New IRS Regulation may cause Loss to Border Banks


Many banks in the US-Mexico border rely heavily on deposits and investments from foreign nationals to grant loans to local communities. Some border banks have up to 45% of their accounts held by Mexicans who deposit their money in the US for security reasons. According to Gerardo “Gerald” Schwebel, an executive vice president overseeing the international division at the International Bank of Commerce in Laredo, “There’s a major element of trust, not because they’re trying to evade taxes but because of the mere fact that the United States is seen as a country that is strong and secure.”

Under the new regulation, the information from the banks is reported to the Treasury then the IRS would decide whether to provide the information to foreign governments in exchange for information on US citizens in those countries as part of a broader effort to combat tax evasion.

The regulation went into effect on April 19. The Treasury gave its assurance that the exchange of personal information will only be done with countries with laws that protect confidentiality and that use the information strictly for tax purposes. But those who oppose the regulation say such safeguards are not bulletproof and believe there are other better ways to prevent tax fraud.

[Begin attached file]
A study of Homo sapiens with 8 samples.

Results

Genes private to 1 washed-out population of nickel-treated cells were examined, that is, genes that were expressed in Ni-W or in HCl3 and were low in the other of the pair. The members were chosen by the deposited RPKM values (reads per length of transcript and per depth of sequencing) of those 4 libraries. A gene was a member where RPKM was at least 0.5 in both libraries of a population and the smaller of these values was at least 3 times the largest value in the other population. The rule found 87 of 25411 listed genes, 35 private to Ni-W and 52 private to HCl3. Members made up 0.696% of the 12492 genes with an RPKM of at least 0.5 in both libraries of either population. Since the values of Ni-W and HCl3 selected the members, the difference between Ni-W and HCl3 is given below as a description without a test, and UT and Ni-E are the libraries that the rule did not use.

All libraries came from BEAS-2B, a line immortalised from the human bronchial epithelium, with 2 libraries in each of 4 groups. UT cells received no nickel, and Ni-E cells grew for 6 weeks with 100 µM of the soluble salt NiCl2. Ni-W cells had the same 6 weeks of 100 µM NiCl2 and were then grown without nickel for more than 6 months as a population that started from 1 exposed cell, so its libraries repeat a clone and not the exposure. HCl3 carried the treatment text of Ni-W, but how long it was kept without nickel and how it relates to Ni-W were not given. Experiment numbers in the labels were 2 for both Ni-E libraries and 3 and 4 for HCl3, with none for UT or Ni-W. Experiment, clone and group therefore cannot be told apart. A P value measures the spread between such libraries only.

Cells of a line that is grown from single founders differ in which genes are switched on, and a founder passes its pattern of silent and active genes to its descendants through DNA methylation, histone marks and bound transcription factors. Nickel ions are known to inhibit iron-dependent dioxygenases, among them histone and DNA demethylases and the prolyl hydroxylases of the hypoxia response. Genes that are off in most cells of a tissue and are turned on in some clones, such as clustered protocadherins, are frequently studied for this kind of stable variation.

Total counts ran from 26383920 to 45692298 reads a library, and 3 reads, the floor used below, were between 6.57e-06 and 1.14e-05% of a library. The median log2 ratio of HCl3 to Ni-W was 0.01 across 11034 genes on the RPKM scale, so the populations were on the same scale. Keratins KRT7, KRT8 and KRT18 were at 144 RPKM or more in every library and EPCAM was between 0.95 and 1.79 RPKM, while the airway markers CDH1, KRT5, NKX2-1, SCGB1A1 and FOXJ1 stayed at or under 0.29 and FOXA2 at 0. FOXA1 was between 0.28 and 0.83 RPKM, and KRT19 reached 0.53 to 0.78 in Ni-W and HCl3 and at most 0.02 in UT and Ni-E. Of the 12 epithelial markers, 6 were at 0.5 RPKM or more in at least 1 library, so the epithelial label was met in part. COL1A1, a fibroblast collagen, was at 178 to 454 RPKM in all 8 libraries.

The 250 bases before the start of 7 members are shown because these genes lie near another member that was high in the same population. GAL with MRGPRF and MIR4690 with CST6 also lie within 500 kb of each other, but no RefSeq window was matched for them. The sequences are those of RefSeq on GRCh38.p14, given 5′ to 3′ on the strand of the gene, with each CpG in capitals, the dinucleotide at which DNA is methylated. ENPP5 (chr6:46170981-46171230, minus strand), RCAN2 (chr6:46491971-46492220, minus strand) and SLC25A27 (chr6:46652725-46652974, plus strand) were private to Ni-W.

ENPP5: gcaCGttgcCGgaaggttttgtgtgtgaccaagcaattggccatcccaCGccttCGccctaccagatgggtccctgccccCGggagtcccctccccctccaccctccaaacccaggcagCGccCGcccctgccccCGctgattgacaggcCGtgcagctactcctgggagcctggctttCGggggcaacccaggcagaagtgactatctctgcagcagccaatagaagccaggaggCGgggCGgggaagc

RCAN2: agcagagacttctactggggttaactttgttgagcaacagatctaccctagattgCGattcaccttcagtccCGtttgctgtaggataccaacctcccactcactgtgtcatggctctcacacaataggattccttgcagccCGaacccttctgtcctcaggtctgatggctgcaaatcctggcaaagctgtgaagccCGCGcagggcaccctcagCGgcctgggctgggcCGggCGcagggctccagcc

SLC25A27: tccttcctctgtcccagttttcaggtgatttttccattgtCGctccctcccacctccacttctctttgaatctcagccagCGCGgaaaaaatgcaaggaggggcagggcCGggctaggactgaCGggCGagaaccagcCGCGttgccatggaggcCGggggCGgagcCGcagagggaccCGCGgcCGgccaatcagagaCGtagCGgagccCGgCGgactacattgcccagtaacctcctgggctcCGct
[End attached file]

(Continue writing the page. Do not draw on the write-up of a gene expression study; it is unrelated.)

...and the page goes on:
Three members of Congress, Reps Ruben Hinojosa (D-Mercedes), Blake Farenthold (R-Corpus Christi) and Henry Cuellar (D-Laredo) say the rule could harm Texas banks that hold substantial foreign deposits in their accounts. Cuellar said, “If you ask any of the banks on the border, especially in South Texas, they will tell you this will have a negative response. It will lead to less foreign deposits and investments in American banks and certainly in McAllen and other border areas, they rely on these foreign deposits.”

In a letter, the 3 Congressmen highlight the foreign nationals’ fear of kidnapping, extortion or murder if the US discloses their personal financial information to governments in their home countries, where such information can be easily obtained by criminals. This very real fear could compel the foreign investors to move their investments to other countries such as Switzerland where there are no such regulations.

On this same issue, financial officials have called on the Treasury to conduct a financial impact study to determine the effect the regulation will have on deposits before enforcing it in January. Commenting on this matter, Frank Keating, the president of the American Bankers Association, said “nonresident aliens are unlikely to feel reassured by promises that their information won’t fall into the wrong hands. This rule gives nonresident aliens every incentive to pick up and move their deposits elsewhere, at the expense of community banks and our national economy. The US already has attracted these foreign investments, and to discourage them now will have a dramatic impact on communities that rely upon them.”